Donald Trump’s criminal trial for keeping national security documents at his Mar-a-Lago property and obstructing Justice Department efforts to recover them will take place in May 2024 at the courthouse in Fort Pierce, Florida, the federal judge hearing the case said Friday.
The trial date set by U.S. District Court Judge Aileen Cannon, who largely followed her views in a contentious hearing this week, essentially took a middle ground between prosecutors’ request for a trial this year and Trump’s suggestion that proceedings be delayed until after next year’s election.
Trump was accused last month of withholding national defense information, including US nuclear secrets and plans for US retaliation in the event of an attack, meaning his case will be tried under time-consuming steps set out in the Classified Information Procedures Act, or Cipa.
Cannon’s order set out a schedule for hearings in the various sections of Cipa, with deadlines for motions and pretrial hearings extending through the rest of the year and into 2024. However, prolonged litigation by Trump or prosecutors could further delay proceedings.
The delays in this case are important because of the consequences of a prolonged delay. If the case doesn’t go to trial until after the 2024 election and Trump is re-elected, he could try to forgive himself or order the attorney general to have the Justice Department drop the case.
The May 20, 2024 trial date means it will come after most of the Republican primaries and his criminal trial in New York, but only two months before the Republican National Convention in July, where Trump is the favorite to clinch the nomination.
It remains unclear whether Cannon’s trial date will hold. Notably, Cannon appears to have taken prosecutors’ own estimate that they would only need about two weeks to decide on Section 6(c) of Cipa, where the judge will decide which redactions of classified information are appropriate.
The Justice Department can offer Cannon, for example, that Trump can only present redacted versions of classified documents so they can protect some of the sensitive information from public disclosure.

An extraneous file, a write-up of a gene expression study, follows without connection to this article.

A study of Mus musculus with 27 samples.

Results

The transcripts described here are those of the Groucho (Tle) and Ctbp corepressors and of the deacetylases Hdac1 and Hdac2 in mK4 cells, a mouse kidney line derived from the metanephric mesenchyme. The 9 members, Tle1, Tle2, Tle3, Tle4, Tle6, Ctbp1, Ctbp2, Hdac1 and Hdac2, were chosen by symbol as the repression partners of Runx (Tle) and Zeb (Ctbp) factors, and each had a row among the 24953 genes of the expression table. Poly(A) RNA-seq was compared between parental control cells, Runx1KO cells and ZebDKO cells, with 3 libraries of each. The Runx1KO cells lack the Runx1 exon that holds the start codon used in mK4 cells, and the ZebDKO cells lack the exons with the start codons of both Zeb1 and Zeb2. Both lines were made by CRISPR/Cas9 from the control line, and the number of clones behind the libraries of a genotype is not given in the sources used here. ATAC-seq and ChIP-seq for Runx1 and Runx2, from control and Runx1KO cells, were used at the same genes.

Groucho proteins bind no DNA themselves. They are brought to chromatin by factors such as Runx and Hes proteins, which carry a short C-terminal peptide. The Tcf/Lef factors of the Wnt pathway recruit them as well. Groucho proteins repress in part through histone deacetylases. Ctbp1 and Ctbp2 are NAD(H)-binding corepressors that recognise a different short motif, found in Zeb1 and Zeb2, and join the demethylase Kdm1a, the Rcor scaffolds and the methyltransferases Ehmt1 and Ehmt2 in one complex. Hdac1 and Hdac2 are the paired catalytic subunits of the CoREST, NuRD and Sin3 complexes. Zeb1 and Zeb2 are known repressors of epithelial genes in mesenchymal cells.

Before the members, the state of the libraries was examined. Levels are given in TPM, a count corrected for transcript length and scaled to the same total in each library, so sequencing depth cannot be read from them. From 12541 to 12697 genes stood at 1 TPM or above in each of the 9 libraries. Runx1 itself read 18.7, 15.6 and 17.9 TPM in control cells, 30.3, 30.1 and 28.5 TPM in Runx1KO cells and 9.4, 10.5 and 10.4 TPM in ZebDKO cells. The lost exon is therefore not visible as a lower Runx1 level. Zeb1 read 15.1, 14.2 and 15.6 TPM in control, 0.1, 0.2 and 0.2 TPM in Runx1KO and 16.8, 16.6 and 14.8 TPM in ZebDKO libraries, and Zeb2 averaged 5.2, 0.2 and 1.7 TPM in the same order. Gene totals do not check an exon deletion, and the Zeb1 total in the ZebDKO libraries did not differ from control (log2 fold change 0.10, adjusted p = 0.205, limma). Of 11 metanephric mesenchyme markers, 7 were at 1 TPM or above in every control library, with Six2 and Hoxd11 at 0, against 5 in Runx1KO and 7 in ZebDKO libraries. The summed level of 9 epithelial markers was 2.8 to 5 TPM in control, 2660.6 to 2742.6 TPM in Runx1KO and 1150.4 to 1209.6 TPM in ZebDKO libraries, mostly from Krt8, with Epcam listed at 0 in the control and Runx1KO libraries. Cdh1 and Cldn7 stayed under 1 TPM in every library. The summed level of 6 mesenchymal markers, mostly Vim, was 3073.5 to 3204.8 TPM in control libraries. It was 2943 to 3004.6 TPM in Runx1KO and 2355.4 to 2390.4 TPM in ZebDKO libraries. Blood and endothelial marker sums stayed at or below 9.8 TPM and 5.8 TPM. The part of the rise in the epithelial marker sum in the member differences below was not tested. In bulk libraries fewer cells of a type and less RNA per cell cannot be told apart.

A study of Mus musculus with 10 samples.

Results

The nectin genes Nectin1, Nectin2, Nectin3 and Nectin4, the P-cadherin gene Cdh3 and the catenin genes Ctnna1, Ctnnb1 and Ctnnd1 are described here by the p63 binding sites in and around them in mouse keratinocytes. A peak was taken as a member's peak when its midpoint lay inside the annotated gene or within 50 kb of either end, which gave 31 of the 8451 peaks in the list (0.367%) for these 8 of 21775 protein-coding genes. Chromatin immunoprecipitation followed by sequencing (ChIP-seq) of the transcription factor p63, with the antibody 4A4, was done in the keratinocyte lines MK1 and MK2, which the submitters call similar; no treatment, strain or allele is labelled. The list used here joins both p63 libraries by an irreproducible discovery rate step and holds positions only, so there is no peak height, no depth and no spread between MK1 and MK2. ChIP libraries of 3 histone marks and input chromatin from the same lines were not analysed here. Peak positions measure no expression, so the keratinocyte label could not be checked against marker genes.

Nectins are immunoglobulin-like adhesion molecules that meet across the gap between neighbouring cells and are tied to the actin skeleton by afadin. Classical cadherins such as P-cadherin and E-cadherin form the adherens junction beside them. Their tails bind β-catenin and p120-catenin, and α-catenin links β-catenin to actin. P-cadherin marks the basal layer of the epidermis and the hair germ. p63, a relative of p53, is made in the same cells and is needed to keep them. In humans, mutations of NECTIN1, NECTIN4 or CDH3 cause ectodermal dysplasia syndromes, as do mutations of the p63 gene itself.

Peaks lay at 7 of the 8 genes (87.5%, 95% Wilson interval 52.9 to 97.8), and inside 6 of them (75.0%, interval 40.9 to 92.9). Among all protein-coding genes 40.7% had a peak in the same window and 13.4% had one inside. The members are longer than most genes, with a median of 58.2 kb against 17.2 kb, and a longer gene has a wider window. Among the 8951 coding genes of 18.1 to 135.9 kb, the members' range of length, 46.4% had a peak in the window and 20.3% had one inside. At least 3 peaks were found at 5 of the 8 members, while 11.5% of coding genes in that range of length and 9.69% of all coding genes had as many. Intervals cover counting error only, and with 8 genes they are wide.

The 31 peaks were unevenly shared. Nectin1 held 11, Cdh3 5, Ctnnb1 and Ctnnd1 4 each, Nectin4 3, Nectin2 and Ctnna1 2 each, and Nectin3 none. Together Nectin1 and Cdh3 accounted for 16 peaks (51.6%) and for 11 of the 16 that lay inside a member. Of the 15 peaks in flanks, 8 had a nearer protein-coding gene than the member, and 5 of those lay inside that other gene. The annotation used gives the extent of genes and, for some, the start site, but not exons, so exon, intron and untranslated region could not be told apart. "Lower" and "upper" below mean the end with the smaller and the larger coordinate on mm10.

But Cannon is not required to accept the redacting request, in which case prosecutors could appeal her rulings to the United States Court of Appeals for the 11th Circuit — a decision that would take significantly longer than the allotted two weeks and significantly push back the current trial date.
The scheduling order was the first major decision in the classified documents prosecution for Cannon, which is under scrutiny for making rulings favorable to the former president during the criminal investigation, before they were overturned on appeal.
In his seven-page order, Cannon gave neither side exactly what they wanted, denying Trump’s request to postpone setting a trial date indefinitely after concluding that some handling of the case was necessary and dismissing the government’s idea of a December trial as “atypically expedited.”
The case was complex and would likely involve multiple pre-trial motions by the defense to exclude evidence and even challenge special counsel Jack Smith’s basis, who brought the case, to indict the former president, Cannon wrote.
“Even accepting the government’s contested argument that nothing in this case presents a ‘new question of fact or law,’ the fact remains that the court will be faced with extensive pre-trial motion practice on a wide range of legal and factual issues,” Cannon wrote.
Cannon also deemed the voluminous discovery warranted a slower timeline, saying it included more than a million pages of unclassified material, at least nine months of surveillance footage, more than 1,500 pages of classified documents, as well as additional material from seized devices.